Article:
Plant 50 million mangroves in the Sundarbans? Improbable, say experts

Chief minister Mamata Banerjee had decided on the plantation to compensate for plants lost during Cyclone Amphan

By Jayanta Basu
Published: Friday 26 June 2020
A Bengal tiger within a forested island of the Sundarbans which hardly has mangroves inside it due to salinity. Photo: Biswajit Roy Choudhury

The Sundarbans would need an area nearly half the size of Kolkata to plant 50 million mangrove trees as decided by the West Bengal government recently, which is improbable, experts have said.

They cited a lack of space as the primary reason along with a number of other factors.

On World Environment Day (June 5, 2020) this year, Bengal Chief Minister Mamata Banerjee announced that 50 million mangroves would be planted in the Sundarbans in the near future.

The reason was to compensate for the plants’ loss during the recent Cyclone Amphan, that made landfall near Sagar island in the Sundarbans.

A healthy mangrove population in the Sundarbans is considered critically important as it works as a barrier to high-intensity cyclones that impact the islands of the delta as well as its hinterland including Kolkata.        

Banerjee said about 28 per cent of the Sundarbans had been damaged by the cyclone and pointed out 1,200 square kilometres of the 4,260 sq km forest had been ‘destroyed’ severely, affecting its mangrove population.

The Indian Sundarbans are spread over 9,630 sq km, of which, nearly 5,400 sq km is inhabited by humans while the rest is forest area.

“The figures are not matching up. It is a fact that about 4,260 sq km in the Sundarbans is forest area. But close to 50 per cent of that is water,” an expert on the Sundarbans, said on the condition of anonymity.

“Does the government want to say that within 2,200 sq km of forest land area in the Sundarbans, about 1,200 sq km has been damaged? In that case, the damage is more than 50 per cent of the forest area, not one-third as is being claimed,” the expert added.

The expert pointed out that even within the forest islands, the mangroves remained limited to the outer periphery, as excessive saline inundation normally turned the inner areas almost arid and plant-less, further squeezing the actual plantation space.

No more space

Biswajit Roy Choudhury, Sundarbans expert and head of the non-profit Nature Environment Wildlife Society (NEWS), also underlined the difficulty of achieving the target.

NEWS has been planting mangroves in the Sundarbans since 2011 under various international projects within the ambit of the United Nations Framework Convention on Climate Change.

“One can plant 5,000 mangroves on a hectare (ha) of land at the most. At that rate, about 10,000 ha or 100 sq km will be required (to plant 50 million plants),” Roy Choudhury, said.

“We have so far planted mangroves within almost 6,000 hectares in about a decade, about 90 per cent of which are still surviving,” he claimed.

Roy Choudhury said his organisation was not keen to undertake any more mangrove plantation at the moment for want of space.

“Apart from space, factors like salinity, wind pattern or river bathymetry need to be considered while planting particular mangrove species,” he said.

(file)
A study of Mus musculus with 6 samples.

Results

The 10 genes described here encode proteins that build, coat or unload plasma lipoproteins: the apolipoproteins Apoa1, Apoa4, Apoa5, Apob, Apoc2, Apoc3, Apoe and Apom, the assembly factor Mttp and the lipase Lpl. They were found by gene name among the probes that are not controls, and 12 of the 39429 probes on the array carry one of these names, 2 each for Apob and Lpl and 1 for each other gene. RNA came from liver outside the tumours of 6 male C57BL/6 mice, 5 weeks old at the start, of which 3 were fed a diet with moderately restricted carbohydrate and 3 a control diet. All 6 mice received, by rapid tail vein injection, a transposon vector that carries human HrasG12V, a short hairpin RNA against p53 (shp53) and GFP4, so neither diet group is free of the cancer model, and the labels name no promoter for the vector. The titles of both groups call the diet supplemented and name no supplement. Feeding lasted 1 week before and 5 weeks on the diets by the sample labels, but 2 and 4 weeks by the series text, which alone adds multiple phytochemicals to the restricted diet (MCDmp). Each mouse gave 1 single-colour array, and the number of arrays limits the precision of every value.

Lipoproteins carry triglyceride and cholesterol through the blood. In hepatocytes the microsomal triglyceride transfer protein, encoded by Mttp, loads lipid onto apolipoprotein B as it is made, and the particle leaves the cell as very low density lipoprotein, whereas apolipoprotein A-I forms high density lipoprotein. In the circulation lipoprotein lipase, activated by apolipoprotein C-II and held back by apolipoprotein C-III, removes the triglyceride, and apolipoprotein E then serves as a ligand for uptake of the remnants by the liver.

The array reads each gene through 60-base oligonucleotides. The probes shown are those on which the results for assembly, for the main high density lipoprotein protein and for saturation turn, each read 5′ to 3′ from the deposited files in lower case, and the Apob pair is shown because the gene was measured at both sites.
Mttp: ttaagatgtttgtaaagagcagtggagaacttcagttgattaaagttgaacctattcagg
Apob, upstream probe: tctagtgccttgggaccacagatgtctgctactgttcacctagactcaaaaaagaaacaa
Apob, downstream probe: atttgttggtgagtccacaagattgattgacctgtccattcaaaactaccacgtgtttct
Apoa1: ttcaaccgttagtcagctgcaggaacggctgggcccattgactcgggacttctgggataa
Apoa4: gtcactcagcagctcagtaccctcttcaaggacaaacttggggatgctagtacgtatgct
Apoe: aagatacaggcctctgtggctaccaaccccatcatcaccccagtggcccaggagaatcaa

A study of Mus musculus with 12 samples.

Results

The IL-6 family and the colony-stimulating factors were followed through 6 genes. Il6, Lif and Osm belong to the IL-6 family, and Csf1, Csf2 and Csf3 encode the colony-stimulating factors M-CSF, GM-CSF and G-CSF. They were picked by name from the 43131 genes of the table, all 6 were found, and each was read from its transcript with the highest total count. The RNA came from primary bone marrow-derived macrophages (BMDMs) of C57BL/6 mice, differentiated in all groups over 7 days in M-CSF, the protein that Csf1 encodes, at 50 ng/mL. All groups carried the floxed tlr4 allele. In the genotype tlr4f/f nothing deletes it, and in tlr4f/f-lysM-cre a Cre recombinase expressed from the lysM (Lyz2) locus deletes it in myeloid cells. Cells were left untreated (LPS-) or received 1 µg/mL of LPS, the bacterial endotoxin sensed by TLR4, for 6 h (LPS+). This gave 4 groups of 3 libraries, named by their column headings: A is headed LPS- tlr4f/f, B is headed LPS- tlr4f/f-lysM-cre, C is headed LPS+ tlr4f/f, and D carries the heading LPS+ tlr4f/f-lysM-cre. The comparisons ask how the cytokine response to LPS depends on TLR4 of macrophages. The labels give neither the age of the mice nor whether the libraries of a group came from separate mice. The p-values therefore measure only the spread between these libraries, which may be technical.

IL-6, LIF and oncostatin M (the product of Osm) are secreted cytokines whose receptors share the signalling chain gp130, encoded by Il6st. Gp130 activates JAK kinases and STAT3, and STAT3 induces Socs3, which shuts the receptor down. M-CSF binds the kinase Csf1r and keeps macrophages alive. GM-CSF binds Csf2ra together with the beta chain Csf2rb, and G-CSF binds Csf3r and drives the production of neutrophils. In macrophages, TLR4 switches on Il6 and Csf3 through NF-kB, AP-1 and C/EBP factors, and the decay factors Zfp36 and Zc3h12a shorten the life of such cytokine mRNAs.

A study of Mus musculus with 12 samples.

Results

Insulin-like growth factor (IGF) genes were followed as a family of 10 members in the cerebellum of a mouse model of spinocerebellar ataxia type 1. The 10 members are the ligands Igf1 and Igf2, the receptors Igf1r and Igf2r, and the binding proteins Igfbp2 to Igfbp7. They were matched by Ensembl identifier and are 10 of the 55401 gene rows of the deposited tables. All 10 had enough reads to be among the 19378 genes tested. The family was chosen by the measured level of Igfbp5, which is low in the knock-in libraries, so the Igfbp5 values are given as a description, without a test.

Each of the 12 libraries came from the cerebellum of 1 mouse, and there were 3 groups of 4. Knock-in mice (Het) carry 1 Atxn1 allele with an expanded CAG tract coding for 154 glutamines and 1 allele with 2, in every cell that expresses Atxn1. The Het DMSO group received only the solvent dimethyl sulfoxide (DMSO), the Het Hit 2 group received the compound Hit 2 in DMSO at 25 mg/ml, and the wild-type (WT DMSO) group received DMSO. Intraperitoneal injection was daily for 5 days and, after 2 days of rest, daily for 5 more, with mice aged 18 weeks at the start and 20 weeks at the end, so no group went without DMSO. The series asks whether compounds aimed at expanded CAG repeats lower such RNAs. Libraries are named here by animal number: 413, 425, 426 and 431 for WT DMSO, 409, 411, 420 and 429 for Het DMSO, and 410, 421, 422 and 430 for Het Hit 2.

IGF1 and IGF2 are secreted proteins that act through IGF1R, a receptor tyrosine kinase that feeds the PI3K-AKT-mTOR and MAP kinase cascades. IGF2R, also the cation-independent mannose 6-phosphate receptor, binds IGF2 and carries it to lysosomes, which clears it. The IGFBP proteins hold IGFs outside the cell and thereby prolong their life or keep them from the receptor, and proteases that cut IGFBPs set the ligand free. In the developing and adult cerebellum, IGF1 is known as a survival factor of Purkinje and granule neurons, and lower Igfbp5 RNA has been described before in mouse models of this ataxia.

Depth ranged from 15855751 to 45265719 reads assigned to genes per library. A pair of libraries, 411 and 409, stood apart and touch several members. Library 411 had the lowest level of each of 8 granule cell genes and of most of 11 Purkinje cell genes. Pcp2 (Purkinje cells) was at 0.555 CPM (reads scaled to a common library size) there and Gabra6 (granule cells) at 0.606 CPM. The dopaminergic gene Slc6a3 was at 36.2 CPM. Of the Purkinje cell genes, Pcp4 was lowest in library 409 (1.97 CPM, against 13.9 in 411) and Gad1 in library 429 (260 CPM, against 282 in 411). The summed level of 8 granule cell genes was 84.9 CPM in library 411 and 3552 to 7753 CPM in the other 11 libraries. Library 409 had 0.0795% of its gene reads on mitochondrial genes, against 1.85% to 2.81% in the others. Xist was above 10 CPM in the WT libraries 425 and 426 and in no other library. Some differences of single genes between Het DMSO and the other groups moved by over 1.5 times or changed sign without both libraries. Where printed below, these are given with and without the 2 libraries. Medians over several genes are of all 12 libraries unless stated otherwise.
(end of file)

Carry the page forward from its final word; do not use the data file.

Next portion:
“The proposal is on the borderline of improbability. Where is the land to plant so many mangroves? A certain amount of maturity is required before mangroves can be planted on even new chars (silted area),” Anurag Danda, a Sundarbans expert associated with think tank Observer Research Foundation (ORF), said.

Danda also expressed apprehension over the mangrove damage figure being touted due to damage by Amphan.

“I feel many mangrove trees have shed leaves after being affected by excessive saline surge with air or water. They will be automatically restored with time,” he said.   

‘Will try to achieve target’

“We will try to achieve the target given to us,” Ravi Kant Sinha, principal chief conservator of forest and head of forest forces in West Bengal, said in response to a question by this reporter.

“We are now in the process of identifying land for mangrove plantations, creating adequate nurseries and plans to start planting from next October,” he added. Sinha said his team would also try to plant mangroves beyond the forest area.  

However, experts were sceptical on the availability of land even in non-forest areas.

“Since 2011, we have planted mangrove trees over 6,000 ha of non-forest area in the Sunderbans under various projects. Now, we refuse such projects because there is no more space left,” Roy Choudhury said.      

Pradeep Vyas, a retired Sundarbans official, pointed out that though there might be space near embankment or char land, mangroves near embankments often get disturbed by human activity.

Subhas Acharya, a retired official of the Sundarbans Affairs department, said mangroves would not survive inside any island area.

“A few years ago, the Sundarbans Affairs department had given seedlings to people at large for planting mangroves. But none of them survived,” Acharya said.

A senior official of the state forest department tried to shift the onus onto the government without being named.

“We have not fixed up the target. It has been imposed on us … there are some Sundarbans experts who feel mangroves can be planted anywhere. We will make our effort to achieve the target of 50 million, but do not know how much will be achieved at the end,” the official said.